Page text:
Let’s admit it: there are so many interesting topics I could write about, that I decided it would be a good idea to “plan.” For example, this column was scheduled for later in the year. However, it seems only fitting to discuss what has emerged as a pressing issue in Canada’s academic community…
For most readers, the debate over freedom of expression and teaching is relatively recent, stemming from the University of Ottawa incident. Both McGill and Concordia Universities are facing similar challenges. Essentially, the question is whether an instructor (I use that term to avoid saying “professors, lecturers and other teaching staff” each time) can be compelled to modify their course content as a result of a student complaint. How each of these cases was handled is another matter – I’d go so far as to say that it even deserves its own column. Advocates for faculty members involved in these complaints refer to the fundamental freedom of university faculty to teach whatever they deem appropriate (a freedom to which the adjectives university, academic, or intellectual are all too frequently and interchangeably attached). There are other arguments, including the importance of confrontation and critical thinking in the intellectual development of students. Now back to the question of freedom.
This issue forms the root of the discussion. Are university teachers free to teach concepts, use terms, read literature, and discuss (or even defend) heterodox ideas?
Before I answer this question, I suggest you consider another: Is the university a place where expression of ideas should be restricted?
“But where did that tangent come from? ” you might wonder.
In my view, the content debate is about more than professional freedom of individual university instructors to deliver what they think is most relevant, in the language they believe is appropriate. It has become embroiled in the larger debate about freedom of expression on university campuses.
During the 2000s and 2010s, we saw a number of “incidents” regarding freedom of expression… but not in the classroom. These incidents occurred in reaction to the presence of guest speakers at campus events, or in response to public criticism of the institution by faculty members. In both cases, the status of university campuses as spaces for exchanging and communicating ideas which are sometimes controversial was seriously challenged. Not surprising, current events are also harshly testing what is, in my view, a crucial facet of the “expanded” freedom of expression that should prevail in the academic world.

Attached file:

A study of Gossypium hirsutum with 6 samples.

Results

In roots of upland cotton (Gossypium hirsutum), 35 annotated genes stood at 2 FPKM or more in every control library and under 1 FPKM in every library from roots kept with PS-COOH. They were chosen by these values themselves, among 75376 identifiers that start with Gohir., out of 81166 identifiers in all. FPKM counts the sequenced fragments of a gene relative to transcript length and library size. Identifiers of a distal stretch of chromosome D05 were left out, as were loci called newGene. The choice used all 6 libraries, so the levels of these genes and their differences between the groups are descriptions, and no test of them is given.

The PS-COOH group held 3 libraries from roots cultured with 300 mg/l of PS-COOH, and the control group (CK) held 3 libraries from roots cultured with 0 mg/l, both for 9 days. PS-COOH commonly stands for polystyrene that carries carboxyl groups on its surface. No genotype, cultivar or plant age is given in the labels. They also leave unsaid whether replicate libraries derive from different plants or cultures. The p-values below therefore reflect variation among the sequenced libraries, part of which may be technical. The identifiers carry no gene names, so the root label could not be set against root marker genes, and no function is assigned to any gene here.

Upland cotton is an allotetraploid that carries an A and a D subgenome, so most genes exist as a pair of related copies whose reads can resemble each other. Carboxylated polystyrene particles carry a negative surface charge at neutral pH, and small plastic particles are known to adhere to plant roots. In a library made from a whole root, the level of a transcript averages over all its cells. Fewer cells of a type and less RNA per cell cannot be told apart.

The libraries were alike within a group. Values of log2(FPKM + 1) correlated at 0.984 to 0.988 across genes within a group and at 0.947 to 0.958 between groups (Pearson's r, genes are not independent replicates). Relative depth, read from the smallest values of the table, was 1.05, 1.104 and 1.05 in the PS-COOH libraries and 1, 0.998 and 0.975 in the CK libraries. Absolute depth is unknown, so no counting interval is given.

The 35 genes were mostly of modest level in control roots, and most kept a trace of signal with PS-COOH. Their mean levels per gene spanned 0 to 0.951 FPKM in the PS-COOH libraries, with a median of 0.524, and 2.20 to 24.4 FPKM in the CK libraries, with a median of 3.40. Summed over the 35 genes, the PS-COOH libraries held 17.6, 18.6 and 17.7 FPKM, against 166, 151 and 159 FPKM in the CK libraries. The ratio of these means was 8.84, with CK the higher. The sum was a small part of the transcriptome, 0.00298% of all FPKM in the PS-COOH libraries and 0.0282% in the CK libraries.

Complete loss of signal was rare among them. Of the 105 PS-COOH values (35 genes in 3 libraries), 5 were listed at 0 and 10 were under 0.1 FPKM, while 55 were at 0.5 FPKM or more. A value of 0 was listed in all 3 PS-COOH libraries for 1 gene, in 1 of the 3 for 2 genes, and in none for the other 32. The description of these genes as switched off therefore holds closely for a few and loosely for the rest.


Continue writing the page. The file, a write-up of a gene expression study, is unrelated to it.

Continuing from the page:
This finally brings me to the point I was trying to make in this column. You can read one open letter after another on the issue, all of them written in support of vigorous administrative or policy intervention in favour of academic freedom. There have been media reports about students voicing opinions on this issue – and many support the idea that restrictions requested by the plaintiffs are fair game in the context of decolonizing higher education.
Both perspectives are valid.
For the record, I think academic freedom needs to be protected. Hopefully, this is not a surprise. By contrast, the argument that educational content needs a decolonizing process doesn’t strike me as ill-founded either. Although the method of reporting discomfort may be heavy-handed, the institutional response is what raises eyebrows.
Both “sides,” as I will refer to the faculty and students, are asking for the intervention of an entity other than themselves to find a solution to the problem – a solution consistent with their stance. While university administrations are most frequently called upon, there are also open letters that call for legislative protection of whatever freedom is being claimed.
In an era where university communities continue to defend the so-called “collegial governance” model (or at least, one of its 12 versions), it’s difficult to ignore these appeals to authority to secure its own integrity.
The McGill University Student Association has introduced a motion in the university senate “calling for clear limits on academic freedom.” The Canadian Association of University Teachers, on the other hand, argues that academic freedom for faculty includes using language that, while it may create discomfort, is nevertheless necessary to achieve pedagogical intent.
I would like to suggest an alternative to each party calling on the powers that be to impose their viewpoint.
What if, on each campus, the two sides in question would negotiate all of this between themselves, by mutual consent? Instead of arbitration, the communities that define themselves as collegial and democratic would choose dialogue and sharing, rather than a confrontation mediated by a faction they often see as a third party.
It’s merely an idea, and it may be a bad one, even blasphemous. However, I can’t help but think of Oscar Wilde in An Ideal Husband, where a character says “[…] when the Gods wish to punish us, they answer our prayers.”
Are we really willing to leave it to everyone but ourselves to define what one of the fundamental aspects of academic life is? I would argue that this debate, however unpleasant it may be, must first take place between the parties involved.